Vaginal /pelvic prolapse

Vaginal or pelvic organ prolapse occurs when the uterus, cervix, the bowel (large or small) or the bladder bulges into the wall of the vagina.

Pelvic organ prolapse can affect the front, back or top of the vagina and sometimes more than one prolapse can be present at the same time. The three most common types of prolapse are:

  • anterior prolapse (or cystocele) - where the bladder bulges into the front of the vagina
  • prolapse of the uterus and cervix - at the top of the vagina, perhaps due to previous surgery to remove the womb (hysterectomy)
  • posterior wall prolapse (rectocele or enterocele) - where the bowel bulges into the back of the vagina

A prolapse is caused by weakness of the tissues that support the organs within the pelvis. There is usually more than just one cause and your risks of suffering a prolapse are increased by:

  • age - prolapses are more common the older you are
  • childbirth - the more children you have had, and the more difficult and prolonged your labour, the more likely you are to suffer a prolapse
  • menopause - can change hormone levels and weakening tissue
  • being overweight - can create extra pressure in the pelvic area
  • having fibroids (non-cancerous tumours of the womb) or pelvic cysts
  • earlier pelvic surgery - a hysterectomy for example
  • manual work or heavy lifting
  • coughing or sneezing over a long period - due to smoking, a lung condition or an allergy
  • constipation and straining when going to the toilet
  • suffering from certain conditions such as Ehlers-Danlos syndrome, Marfan syndrome or joint hypermobility syndrome

The risks of suffering from a prolapse can be reduced by doing regular pelvic floor exercises, by eating a healthy diet (to avoid constipation and straining on the toilet), by maintaining a healthy weight, by not smoking reducing caffeine and alchohol intake as they can irritate the bladder and by avoiding lifting heavy weights.


Symptoms of a vaginal /pelvic prolapse may include a bulging sensation within the vagina, pain or discomfort during sex or problems passing urine.

Symptoms will vary according to the type of prolapse suffered, and its severity. Many women don’t feel any symptoms at all and may only realise they have a prolapse when it is discovered during an examination for another reason (such as a regular cervical screening).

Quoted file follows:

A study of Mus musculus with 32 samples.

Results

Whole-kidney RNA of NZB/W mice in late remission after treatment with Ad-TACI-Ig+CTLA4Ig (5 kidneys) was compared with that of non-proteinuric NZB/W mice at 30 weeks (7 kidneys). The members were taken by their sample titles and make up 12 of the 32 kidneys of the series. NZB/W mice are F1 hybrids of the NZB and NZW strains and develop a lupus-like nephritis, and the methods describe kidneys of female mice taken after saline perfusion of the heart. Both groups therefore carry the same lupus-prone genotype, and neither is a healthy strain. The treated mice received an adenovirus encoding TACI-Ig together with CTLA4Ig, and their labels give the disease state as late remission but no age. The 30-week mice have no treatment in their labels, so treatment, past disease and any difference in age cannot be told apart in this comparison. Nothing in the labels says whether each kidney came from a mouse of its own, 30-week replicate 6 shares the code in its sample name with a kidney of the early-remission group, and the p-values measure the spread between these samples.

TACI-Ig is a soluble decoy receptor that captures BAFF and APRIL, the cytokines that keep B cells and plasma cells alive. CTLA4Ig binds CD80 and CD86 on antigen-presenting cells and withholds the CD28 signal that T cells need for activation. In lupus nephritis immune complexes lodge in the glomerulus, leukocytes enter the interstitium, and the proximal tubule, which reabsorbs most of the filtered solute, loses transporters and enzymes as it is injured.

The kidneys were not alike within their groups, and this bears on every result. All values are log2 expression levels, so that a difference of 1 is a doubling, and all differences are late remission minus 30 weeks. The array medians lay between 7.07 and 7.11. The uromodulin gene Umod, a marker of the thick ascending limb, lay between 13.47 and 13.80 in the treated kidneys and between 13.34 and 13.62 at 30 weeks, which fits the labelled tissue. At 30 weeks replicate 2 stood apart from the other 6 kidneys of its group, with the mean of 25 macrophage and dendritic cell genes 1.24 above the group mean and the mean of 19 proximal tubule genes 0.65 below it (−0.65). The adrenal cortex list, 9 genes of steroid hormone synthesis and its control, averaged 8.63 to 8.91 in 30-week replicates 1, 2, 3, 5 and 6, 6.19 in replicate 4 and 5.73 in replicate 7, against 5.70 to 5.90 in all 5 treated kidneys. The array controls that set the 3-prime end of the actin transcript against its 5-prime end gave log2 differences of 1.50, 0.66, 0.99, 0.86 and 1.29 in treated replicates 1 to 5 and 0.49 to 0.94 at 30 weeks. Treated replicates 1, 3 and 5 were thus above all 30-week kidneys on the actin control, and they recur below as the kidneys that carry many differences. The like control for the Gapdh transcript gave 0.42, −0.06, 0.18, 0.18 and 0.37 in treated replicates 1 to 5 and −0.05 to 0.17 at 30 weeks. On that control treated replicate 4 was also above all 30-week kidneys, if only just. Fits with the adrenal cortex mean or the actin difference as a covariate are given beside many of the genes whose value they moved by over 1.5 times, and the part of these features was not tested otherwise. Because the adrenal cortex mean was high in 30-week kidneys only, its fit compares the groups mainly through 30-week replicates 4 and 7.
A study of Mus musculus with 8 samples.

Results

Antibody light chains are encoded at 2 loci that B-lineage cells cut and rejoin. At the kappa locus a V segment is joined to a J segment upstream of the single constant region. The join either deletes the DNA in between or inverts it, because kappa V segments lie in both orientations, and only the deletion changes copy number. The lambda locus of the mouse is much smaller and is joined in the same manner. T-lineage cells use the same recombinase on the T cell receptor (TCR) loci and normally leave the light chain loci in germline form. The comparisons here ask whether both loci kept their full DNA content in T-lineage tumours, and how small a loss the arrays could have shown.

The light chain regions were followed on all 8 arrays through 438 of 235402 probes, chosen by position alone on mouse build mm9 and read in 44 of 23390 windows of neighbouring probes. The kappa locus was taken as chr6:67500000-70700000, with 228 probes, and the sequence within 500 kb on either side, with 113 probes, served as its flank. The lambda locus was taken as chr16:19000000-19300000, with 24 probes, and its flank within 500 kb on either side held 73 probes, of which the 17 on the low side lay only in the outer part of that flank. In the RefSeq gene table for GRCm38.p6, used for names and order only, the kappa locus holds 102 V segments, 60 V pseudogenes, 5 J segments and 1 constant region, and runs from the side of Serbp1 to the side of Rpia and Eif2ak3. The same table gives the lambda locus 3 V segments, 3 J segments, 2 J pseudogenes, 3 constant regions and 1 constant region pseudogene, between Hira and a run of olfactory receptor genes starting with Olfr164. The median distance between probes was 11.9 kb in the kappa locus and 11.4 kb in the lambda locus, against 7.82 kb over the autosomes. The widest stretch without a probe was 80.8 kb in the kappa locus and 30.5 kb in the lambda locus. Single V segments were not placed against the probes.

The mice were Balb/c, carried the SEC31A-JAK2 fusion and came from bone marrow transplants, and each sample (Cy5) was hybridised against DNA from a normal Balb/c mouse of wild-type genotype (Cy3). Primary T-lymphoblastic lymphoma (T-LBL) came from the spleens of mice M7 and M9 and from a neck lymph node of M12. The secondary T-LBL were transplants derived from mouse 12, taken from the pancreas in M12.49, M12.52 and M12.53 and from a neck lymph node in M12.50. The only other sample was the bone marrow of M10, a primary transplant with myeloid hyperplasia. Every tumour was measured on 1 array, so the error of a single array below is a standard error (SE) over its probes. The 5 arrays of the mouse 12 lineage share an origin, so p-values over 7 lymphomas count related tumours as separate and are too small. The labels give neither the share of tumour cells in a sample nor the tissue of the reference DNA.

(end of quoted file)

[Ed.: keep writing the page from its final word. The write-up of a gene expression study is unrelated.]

Typically, symptoms may include a sensation of bulging within the vagina. Sometimes it may feel as though something is coming down or out of the vagina, which may need to be pushed back in. You may experience pain or discomfort during sex.

You may have problems passing urine. These may include a slow stream, a feeling of not being able to fully empty your bladder, needing to urinate more often or perhaps leaking a small amount of urine when you cough, laugh, sneeze or exercise (stress incontinence).

  • a sensation of bulging within the vagina
  • a feeling of something coming down or out of the vagina
  • pain or discomfort during sex
  • problems passing urine
  • stress incontinence

You should see your doctor if you notice a lump in or around your vagina or have any of the symptoms of a prolapse. By discussing your symptoms and carrying out a short internal pelvic examination, your doctor should be able to diagnose your condition and suggest some treatment options. You may need to be referred to a specialist for further tests.

Anterior/posterior colporrhaphy

This is the surgical repair of either the front (anterior) or rear (posterior) vaginal walls, or sometimes both, to treat a vaginal prolapse.

What next?

If you are suffering with a suspected condition, you should seek the advice of your doctor who will be able to refer you to Benenden Hospital for diagnosis and treatment.

There are four ways to access treatment at Benenden Hospital which include self-funding, using private medical insurance or your Benenden membership, or through the NHS e-Referral scheme.